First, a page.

Warning to companies to meet PAYE deadlines
Chartered accounts firm Rawlinsons offers top tips for using your home as an office
Many entrepreneurs and small business owners make the decision to save or cut costs by setting up a home office. This can slash overheads and help those preferring a more flexible approach to working hours. If you’re organising your business around a young family for instance having an office at home gives you the opportunity to catch up on emails later in the evening.
The tax man does make some concessions for those whose home is used as a dwelling and a work place.
What is allowable depends on the individual situation. Here’s what you must consider:
1. Even if you have a business premises elsewhere, if you retain office space in your home you are entitled to a deduction for a part of the household expenses provided that there are times when a part of your home is used solely for business purposes.
2. A single utility bill for your home where you have an office does not mean the whole expenditure is disallowable. The part of the cost attributable to business use is allowable.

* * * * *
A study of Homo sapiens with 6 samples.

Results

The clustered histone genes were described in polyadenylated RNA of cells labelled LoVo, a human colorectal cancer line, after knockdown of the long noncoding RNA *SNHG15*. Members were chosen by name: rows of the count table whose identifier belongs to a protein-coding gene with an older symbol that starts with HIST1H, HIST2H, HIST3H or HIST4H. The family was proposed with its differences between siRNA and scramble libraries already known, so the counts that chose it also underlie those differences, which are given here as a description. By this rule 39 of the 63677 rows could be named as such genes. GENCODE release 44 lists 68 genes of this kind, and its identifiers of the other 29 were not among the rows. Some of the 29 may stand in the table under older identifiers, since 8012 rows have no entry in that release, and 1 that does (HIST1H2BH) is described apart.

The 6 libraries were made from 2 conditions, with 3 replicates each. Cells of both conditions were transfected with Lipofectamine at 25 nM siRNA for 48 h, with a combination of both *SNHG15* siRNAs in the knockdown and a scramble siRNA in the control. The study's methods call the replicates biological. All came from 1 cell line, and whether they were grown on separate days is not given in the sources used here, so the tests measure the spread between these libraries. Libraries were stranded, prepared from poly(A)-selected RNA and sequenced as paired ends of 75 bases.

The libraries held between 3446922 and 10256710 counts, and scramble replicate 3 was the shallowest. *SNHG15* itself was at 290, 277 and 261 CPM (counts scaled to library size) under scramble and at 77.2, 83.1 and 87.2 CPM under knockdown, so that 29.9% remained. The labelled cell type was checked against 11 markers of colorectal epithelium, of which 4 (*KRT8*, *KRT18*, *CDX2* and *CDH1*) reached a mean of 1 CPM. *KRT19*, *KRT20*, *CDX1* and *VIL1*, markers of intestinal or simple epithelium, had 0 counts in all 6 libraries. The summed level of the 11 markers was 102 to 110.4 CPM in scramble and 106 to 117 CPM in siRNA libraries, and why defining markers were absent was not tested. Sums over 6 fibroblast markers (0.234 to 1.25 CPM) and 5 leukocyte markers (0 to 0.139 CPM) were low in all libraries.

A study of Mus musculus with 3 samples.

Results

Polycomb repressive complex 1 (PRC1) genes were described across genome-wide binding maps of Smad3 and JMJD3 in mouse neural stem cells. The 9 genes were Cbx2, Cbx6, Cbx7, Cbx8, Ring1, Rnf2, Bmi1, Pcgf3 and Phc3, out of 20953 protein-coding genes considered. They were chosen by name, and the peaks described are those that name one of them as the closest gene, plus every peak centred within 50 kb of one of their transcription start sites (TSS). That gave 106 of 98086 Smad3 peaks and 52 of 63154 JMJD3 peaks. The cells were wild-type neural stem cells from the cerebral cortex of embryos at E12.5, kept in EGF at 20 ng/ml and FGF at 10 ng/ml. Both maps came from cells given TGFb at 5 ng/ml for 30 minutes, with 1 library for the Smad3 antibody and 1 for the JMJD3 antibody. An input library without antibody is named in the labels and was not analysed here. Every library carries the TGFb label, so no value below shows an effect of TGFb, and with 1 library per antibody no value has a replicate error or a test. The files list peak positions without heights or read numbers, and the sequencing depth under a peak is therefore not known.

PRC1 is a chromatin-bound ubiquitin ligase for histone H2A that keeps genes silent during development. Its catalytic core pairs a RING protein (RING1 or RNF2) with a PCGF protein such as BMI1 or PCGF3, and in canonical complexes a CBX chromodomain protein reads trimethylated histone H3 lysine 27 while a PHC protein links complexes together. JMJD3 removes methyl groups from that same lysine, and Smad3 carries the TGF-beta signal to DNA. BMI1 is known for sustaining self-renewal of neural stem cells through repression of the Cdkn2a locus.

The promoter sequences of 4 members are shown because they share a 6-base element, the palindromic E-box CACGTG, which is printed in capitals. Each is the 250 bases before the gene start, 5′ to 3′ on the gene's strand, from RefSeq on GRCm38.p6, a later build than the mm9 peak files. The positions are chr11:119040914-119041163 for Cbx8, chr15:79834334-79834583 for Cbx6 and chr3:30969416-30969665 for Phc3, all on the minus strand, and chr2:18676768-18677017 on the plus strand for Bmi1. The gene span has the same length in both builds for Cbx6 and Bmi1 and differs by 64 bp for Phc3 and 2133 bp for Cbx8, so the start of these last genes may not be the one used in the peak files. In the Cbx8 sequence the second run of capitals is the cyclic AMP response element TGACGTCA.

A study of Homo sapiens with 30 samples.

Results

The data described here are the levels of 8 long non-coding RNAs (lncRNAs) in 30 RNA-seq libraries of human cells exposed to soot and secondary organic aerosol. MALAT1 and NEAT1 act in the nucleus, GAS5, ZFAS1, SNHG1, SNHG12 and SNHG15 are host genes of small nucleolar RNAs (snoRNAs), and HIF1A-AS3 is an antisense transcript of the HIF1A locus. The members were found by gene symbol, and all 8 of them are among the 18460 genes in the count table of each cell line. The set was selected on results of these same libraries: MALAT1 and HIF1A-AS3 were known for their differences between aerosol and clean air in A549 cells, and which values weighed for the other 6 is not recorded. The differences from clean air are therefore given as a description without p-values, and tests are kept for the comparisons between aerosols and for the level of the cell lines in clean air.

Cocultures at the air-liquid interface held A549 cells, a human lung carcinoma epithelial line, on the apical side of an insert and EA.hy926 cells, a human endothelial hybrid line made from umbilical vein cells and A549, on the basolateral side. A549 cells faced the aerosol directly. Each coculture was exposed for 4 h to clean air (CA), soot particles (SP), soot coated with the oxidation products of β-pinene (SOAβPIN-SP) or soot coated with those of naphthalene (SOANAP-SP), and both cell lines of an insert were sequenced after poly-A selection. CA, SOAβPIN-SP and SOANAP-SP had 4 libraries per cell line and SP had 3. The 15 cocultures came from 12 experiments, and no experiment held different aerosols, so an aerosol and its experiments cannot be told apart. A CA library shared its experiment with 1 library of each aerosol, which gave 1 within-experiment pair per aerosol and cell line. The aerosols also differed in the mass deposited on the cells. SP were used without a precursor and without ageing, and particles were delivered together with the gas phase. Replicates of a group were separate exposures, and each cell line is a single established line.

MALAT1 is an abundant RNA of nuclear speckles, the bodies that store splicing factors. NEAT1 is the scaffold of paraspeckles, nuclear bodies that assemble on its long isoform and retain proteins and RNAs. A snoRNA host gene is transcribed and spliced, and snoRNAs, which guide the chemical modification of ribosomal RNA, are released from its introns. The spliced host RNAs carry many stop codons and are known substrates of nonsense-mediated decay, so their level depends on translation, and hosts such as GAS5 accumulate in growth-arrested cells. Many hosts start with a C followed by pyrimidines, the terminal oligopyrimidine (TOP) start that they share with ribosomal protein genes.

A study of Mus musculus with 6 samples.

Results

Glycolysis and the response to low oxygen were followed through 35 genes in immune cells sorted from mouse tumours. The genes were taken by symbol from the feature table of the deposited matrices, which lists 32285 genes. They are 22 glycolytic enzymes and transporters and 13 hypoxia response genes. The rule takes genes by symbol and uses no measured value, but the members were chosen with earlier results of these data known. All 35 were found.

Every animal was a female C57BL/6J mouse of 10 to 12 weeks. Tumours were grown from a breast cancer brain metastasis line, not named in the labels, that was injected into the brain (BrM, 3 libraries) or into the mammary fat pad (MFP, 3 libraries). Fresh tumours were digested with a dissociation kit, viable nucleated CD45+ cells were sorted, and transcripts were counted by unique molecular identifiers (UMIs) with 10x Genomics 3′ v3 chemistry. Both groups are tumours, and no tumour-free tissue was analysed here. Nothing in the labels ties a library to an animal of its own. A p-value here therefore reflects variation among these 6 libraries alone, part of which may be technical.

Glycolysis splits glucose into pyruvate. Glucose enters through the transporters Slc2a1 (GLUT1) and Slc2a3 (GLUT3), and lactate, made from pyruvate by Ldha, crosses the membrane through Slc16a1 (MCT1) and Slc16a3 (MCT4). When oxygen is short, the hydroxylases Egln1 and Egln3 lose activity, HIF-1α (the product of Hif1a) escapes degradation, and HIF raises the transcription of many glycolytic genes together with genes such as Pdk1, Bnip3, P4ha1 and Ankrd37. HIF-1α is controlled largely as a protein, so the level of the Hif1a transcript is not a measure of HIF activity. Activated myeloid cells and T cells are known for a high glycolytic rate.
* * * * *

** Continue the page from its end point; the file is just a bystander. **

3. Claiming for the use of utilities up to ¬£3 per week will not be questioned by HMRC.
4. Tax law says an expense is only allowable as a deduction if it is incurred ‘wholly and exclusively for the purpose of the trade’. That means that when part of the home is being used for the business that is all it is used for at that time. Of course, it is highly unlikely you will have separate utility bills so the total bill must be apportioned. This may be done by using the area used in relation to the whole property, the usage (appropriate where supply is metered) or time.
5. Capital Gains Tax implications – any gain made on your main residents is generally free from Capital Gains Tax but the exemption is restricted if and to what extent that part of the home is used ‘exclusively’ for the purpose of a trade or business. Using part of a home for business will not compromise the CGT relief if that part is also used for domestic purposes.
6. Home improvements are not allowable as capital expenditure.